Stanford grad students experienced the thrill and complexity of dealing with climate change head on recently, as Climate Interactive brought our World Energy exercise to Stanford’s Precourt Institute for Energy for the second year running.
Led by Climate Interactive Co-Director Drew Jones, World Energy challenges participants to create an energy policy that will limit global warming to 2 degrees Celsius while at the same time meeting economic and political goals. With our En-ROADS model, participants can adjust inputs such as emissions prices, efficiency standards, taxes and subsidies, land use changes and breakthrough improvements from R&D, and see the effects in real time.
Much of this year’s exercise was familiar — groups of astute grad students plugging away at the models on their computer screens, lots of invisible light bulbs clicking on, a good deal of surprise — but this time around, we offered a slight twist — thanks to funding from Stanford, the entire simulation was run online.
“One thing the students found particularly helpful this year was the fact that the simulation was online and accessible via a web browser, so the students could run scenarios from anywhere at any time and share results with teammates,” Jones said. “We’re now exploring the possibility of moving it into a shareable space so educators across the world can have access to it”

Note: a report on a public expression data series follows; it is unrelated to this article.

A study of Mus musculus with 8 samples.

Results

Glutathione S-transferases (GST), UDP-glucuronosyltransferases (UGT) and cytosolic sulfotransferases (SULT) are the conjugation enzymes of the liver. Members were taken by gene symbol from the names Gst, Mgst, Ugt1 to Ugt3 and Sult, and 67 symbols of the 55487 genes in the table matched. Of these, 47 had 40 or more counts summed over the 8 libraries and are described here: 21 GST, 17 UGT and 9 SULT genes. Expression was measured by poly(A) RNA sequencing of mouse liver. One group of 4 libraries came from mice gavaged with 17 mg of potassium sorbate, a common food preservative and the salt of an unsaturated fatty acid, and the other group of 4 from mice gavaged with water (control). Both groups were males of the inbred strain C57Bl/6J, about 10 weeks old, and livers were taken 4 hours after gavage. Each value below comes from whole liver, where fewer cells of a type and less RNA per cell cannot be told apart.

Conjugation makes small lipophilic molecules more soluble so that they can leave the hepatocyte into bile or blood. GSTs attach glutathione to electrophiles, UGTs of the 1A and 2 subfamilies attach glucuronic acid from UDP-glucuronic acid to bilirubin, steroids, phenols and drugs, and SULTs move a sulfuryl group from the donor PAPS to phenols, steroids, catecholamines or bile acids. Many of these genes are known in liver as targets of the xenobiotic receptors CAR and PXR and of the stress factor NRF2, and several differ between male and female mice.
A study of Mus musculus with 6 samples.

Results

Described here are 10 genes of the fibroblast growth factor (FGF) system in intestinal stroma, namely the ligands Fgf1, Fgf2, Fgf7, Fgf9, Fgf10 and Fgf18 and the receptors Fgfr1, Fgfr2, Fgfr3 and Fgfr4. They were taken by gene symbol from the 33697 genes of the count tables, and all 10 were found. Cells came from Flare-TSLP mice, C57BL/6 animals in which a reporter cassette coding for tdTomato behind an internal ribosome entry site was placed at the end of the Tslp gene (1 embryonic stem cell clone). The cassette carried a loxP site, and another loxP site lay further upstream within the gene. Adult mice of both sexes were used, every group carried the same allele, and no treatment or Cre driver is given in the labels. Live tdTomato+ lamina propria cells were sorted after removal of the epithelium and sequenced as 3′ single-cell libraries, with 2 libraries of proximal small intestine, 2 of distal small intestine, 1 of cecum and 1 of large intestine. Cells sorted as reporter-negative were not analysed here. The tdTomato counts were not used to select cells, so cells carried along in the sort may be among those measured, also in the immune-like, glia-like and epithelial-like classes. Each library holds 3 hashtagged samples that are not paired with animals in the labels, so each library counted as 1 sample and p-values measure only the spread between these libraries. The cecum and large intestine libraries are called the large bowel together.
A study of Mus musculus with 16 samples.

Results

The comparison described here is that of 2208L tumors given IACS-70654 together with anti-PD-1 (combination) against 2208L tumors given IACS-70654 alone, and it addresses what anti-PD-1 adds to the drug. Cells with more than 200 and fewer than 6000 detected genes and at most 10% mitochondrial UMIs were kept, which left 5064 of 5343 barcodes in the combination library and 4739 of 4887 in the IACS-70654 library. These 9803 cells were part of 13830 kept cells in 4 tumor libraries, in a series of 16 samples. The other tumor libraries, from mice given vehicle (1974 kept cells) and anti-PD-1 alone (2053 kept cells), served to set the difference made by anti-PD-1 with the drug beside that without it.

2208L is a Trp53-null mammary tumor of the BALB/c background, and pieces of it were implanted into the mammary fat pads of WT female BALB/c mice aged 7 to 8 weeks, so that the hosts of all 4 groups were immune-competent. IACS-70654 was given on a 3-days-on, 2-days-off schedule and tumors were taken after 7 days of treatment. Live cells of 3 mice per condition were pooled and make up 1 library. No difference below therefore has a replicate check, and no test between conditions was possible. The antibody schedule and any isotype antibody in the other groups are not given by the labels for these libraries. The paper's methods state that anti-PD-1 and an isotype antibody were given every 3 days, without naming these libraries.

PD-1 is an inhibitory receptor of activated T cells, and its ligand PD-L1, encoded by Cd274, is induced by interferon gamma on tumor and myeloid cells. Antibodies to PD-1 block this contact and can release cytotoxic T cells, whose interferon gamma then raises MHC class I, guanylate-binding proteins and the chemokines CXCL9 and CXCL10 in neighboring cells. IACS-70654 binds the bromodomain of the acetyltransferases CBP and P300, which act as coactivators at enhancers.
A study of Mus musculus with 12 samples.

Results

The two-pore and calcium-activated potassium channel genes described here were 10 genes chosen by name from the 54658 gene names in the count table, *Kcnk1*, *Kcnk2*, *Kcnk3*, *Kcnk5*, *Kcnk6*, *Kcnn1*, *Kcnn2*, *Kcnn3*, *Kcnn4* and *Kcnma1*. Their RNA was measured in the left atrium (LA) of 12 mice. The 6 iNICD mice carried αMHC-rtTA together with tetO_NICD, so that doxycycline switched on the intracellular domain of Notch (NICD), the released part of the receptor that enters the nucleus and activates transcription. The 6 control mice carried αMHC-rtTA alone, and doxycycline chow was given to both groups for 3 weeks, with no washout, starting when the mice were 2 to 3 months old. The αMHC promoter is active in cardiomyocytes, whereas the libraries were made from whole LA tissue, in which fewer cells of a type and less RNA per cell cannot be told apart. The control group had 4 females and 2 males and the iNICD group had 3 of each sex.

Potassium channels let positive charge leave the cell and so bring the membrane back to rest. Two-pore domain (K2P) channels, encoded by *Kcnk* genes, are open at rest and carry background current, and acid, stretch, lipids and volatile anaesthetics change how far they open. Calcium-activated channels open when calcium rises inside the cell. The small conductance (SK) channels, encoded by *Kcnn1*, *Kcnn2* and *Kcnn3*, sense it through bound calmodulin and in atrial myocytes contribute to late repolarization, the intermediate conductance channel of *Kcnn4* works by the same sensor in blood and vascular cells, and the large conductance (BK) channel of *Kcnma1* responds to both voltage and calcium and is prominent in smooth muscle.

The move to online comes after a flood of interest we’ve seen in putting our En-ROADS model on the web. Once the simulation undergoes a technical review, we hope to make an online version available to the general public.
Many of the students and staff at Stanford said they took a shine to the online version during the World Energy exercise.
The added benefit of putting En-ROADS online (via Forio Simulate) is the ability to spread the word. Students can learn in the classroom, then bring their findings home with them to share with friends or family who may be interested in the insights En-ROADS has to offer.
This is especially key given the success the simulation has had on helping students understand the dynamics of the climate change challenge. Indeed, after this year’s exercise, the majority of students said they learned an important lesson on the diversity needed in climate change solutions.
“I was struck by how quickly the students picked up the core lesson from the simulator,” Jones said. “There is no silver bullet solution; there are ‘silver buckshot’ approaches.”